Thursday, April 07, 2005

To 'Ster With Love

Here is another installment of the 'Ster Stir. This one deals with the history of the conflict between innovation and copyright laws. It's from the New York Times:

In the early 1900's, the disruptive technology was player pianos. Manufacturers of player piano rolls purchased a single copy of the sheet music of a song, hired someone to record the music and then sold these mechanical reproductions to consumers. The songwriters held that this was copyright infringement, while the piano roll manufacturers pointed out that they had paid the appropriate copyright fees when they purchased the sheet music.

In 1908, the Supreme Court found in favor of the piano roll manufacturers, but practically invited Congress to consider new legislation on the issue. Congress responded with the Copyright Act of 1909, which created a new form of intellectual property, mechanical reproduction rights.

...In the 1908 case, songwriters did not try to ban player piano technology. They clearly recognized that the additional distribution of their songs was potentially advantageous. Their goal was simply to get a fair share of the proceeds from the piano roll sales.

Another directly relevant Supreme Court decision is Sony v. Universal City Studios, a 1984 case involving the use of video recorders in the home. The film studios argued that Sony should be liable for copyright infringement since its video recorders could be used to copy movies and television programs illegally.... The studios lost the Sony case, but it forced them to take the home video market seriously.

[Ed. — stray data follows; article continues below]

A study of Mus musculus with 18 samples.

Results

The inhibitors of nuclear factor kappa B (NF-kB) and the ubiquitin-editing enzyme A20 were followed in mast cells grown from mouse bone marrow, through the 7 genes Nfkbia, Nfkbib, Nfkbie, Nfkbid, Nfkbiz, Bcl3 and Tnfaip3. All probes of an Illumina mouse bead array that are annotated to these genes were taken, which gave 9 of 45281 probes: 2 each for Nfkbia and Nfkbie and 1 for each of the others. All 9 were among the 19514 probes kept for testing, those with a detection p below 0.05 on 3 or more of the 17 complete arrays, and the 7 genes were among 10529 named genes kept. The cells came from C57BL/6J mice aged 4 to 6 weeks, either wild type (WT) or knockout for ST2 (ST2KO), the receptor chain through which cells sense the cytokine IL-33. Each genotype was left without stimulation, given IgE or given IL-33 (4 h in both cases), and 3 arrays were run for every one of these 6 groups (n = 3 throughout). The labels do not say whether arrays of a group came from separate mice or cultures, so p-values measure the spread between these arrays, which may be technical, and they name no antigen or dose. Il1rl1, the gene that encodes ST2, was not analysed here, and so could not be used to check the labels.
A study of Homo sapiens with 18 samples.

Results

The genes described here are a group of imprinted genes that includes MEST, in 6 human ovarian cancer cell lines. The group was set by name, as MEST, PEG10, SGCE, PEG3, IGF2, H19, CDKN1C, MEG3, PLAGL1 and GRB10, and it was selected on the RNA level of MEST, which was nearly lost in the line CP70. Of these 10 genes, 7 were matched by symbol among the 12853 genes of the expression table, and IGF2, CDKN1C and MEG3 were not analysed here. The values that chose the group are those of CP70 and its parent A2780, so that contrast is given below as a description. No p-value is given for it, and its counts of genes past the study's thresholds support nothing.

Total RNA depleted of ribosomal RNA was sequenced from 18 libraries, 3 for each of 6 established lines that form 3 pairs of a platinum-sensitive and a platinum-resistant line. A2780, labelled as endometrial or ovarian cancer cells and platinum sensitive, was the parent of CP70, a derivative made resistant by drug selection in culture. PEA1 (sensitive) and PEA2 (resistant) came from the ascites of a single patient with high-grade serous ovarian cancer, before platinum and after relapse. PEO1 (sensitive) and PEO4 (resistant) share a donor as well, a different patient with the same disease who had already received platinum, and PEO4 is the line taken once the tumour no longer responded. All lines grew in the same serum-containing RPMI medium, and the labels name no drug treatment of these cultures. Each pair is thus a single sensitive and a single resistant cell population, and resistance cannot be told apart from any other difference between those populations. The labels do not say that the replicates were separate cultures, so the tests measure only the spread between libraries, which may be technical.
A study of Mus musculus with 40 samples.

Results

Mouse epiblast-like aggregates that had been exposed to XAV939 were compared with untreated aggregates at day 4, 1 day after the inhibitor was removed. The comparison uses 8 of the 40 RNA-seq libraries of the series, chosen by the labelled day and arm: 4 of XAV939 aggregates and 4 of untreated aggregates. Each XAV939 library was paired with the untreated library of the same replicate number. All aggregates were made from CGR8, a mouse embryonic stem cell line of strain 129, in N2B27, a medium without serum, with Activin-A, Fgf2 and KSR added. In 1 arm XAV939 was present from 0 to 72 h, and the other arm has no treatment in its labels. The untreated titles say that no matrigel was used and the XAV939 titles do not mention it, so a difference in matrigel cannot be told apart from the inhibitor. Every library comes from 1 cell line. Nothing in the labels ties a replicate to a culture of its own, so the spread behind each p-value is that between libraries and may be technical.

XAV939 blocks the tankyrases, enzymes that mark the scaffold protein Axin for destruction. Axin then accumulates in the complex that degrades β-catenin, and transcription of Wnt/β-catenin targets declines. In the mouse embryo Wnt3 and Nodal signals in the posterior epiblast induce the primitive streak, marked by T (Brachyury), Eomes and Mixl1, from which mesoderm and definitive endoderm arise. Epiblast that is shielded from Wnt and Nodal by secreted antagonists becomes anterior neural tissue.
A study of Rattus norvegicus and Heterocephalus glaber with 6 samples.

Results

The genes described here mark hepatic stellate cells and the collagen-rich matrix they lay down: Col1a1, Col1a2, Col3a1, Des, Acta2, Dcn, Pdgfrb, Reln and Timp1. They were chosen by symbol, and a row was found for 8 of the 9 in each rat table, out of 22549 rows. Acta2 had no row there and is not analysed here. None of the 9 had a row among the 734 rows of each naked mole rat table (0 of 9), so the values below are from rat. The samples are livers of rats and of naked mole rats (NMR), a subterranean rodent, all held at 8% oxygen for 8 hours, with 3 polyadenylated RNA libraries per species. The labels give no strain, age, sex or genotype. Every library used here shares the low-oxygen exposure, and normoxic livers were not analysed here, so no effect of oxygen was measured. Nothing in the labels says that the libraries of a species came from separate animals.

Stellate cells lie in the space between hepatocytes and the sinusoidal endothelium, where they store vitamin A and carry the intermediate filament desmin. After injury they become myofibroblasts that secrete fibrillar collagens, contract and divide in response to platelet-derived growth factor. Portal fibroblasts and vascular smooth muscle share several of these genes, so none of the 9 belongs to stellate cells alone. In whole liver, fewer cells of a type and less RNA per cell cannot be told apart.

Their first instinct was to set a $50 to $60 price for videocassettes. But by choosing a high price, they stimulated the development of the video rental market, giving users inexpensive access to movies. On the other hand, the availability of rentals stimulated the demand for VCR's. As VCR prices declined, more people bought them and the video rental industry flourished, creating a new, rapidly growing outlet for studio productions.

In the late 1980's Disney began to experiment with lower prices for videos, hoping to bypass the rental stores and sell directly to home users. Disney's 1987 video release of "Lady and the Tramp" was priced at $29.95 and sold over 3.2 million copies, making it the best-selling video as of that date. Its record was soon eclipsed by "E.T.," which sold 14 million copies at $19.95 apiece.

...The critical lesson from the history of the VCR is this: If consumers have ways to share content, either via rental markets or via the Internet, you will have to set low prices to induce them to buy. But low prices may well stimulate enough volume to make up for the lost revenue.
Now that's what I call rocket science.